Director – Sustainable Energy Division – United
Nations Economic Commission for Europe

Much angst is accompanying the recent surge in energy prices as ordinary folks and governments grapple with a multitude of consequences – affordability, access, security, reliability, resilience, environment, political dynamics, and economies are all at risk from perceived and actual shortages. The price increases are a consequence of market balances that have been stressed on the supply side, on available storage capacity, and on the demand side as well as from increasing costs of carbon. A blame game is in play, ranging from accusations of market manipulation to acknowledgement of poor anticipation by the industry of a rapid demand surge post-COVID.

The latter is of course an optimistic view that we are indeed “post-COVID”.As economies emerge from the COVID 19 pandemic, it appears we are reverting to previous patterns of economic and energy activity rather than setting a new course. Rather than building back better we are blundering forward blindly. Energy demand has risen to levels that would have been expected in 2018 for late 2021 even if COVID had not happened. Calls are going out to increase supply, whether for supply of oil or for increased power generation from coal-fired power plants.

Reliability and affordability remain priorities for energy markets, and those priorities are not subordinated to climate change objectives.In terms of priorities, keeping the lights on remains number one. The clear expressions of priorityput in stark relief the challenge the world faces in addressing the existential threat that climate change representswhile deliveringreliable and affordable energy services.

We have witnessed extraordinary events over this past year weather-wise, with floods, fires, violent storms, energy disruptions – the list goes on.UNECE previously observed that it was 10 past midnight on the climate change doomsday clock. Today we note that it is 30 minutes past midnight! The world is not catching up on lost time.

We are falling farther behind and we are way beyond late in acting seriously. The costs and the stresses of mitigation would have been so much lower had we reacted when the first warnings were issued in the late 1970s. Now we face a much steeper and harder climb, and every day we delay it gets that much harder.

Every country has its own endowment of natural resources and its own cultural, regulatory, and legislative heritage.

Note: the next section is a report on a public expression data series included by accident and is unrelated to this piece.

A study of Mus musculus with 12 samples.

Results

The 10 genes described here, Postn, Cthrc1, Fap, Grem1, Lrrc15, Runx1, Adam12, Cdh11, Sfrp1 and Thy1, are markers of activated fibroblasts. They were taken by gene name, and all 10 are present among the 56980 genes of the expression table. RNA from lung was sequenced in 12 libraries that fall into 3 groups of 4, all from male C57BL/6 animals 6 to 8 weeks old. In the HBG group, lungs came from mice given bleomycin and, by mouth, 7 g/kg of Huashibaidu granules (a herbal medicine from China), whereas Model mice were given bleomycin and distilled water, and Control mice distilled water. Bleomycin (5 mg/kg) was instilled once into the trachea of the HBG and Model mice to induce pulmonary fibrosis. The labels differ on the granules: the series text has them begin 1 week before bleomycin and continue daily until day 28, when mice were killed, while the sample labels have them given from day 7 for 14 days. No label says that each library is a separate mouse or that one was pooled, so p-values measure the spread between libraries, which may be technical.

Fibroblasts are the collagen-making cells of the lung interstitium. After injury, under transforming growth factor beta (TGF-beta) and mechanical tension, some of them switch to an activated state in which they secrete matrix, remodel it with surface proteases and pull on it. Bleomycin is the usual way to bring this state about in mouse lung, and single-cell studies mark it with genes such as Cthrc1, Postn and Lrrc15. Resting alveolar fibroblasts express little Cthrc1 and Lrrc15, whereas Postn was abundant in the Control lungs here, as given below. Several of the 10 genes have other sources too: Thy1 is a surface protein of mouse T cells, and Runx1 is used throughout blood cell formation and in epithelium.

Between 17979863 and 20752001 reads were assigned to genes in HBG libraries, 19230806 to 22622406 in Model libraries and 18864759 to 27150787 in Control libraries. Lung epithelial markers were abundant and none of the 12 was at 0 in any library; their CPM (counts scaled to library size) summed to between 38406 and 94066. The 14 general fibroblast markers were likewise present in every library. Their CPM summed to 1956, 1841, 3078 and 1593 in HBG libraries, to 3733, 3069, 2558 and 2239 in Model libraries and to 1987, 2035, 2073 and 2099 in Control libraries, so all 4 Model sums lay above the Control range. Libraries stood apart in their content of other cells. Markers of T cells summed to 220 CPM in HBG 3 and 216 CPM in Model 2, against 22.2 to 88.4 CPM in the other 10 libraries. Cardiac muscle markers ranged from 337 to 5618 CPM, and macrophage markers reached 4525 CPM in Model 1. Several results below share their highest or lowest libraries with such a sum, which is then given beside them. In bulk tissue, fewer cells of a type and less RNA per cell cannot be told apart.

Each country has its own unique pathway to a future that meets the objectives of the 2030 Agenda and the Paris Agreement. Energy remains the critical sector :

  • It underpins quality of life,
  • It is the source of most greenhouse gas emissions, and
  • It can be transformed in ways that address our challenges and meet our objectives with integrated solutions.

The current energy crisis is making the path to a sustainable energy future more difficult, but it remains doable.UNECE has called on countries to deliver high performance buildings, to reduce losses of methane, and to work to carbon neutrality while remaining agnostic and pragmatic on technology choices. We cannot reject nuclear power or fossil energy with carbon capture and storage if alternatives are not available at the needed scope and scale. We will not be able to act seriously on either climate or development if we are leaving entire communities devastated socio-economically, so we have an imperative to pursue a “just transition”. Countries need to align their resource investments with the climate and sustainable development agendas. We also consider it important to prepare an energy ecosystem of the future that embraces electrons and molecules. Hydrogen is often mentioned, but so too should be renewables gases and a decarbonized power system.

Scott Foster joined UNECE in 2011 as Director of Sustainable Energy. Mr. Foster previously was Managing Director of Nomad Energy Consulting, Vice President of global regulatory affairs with AES Corporation, Senior Director for global power with Cambridge Energy Research Associates, senior expert on electricity at the International Energy Agency, and hydroelectric engineer at Pacific Gas & Electric Company.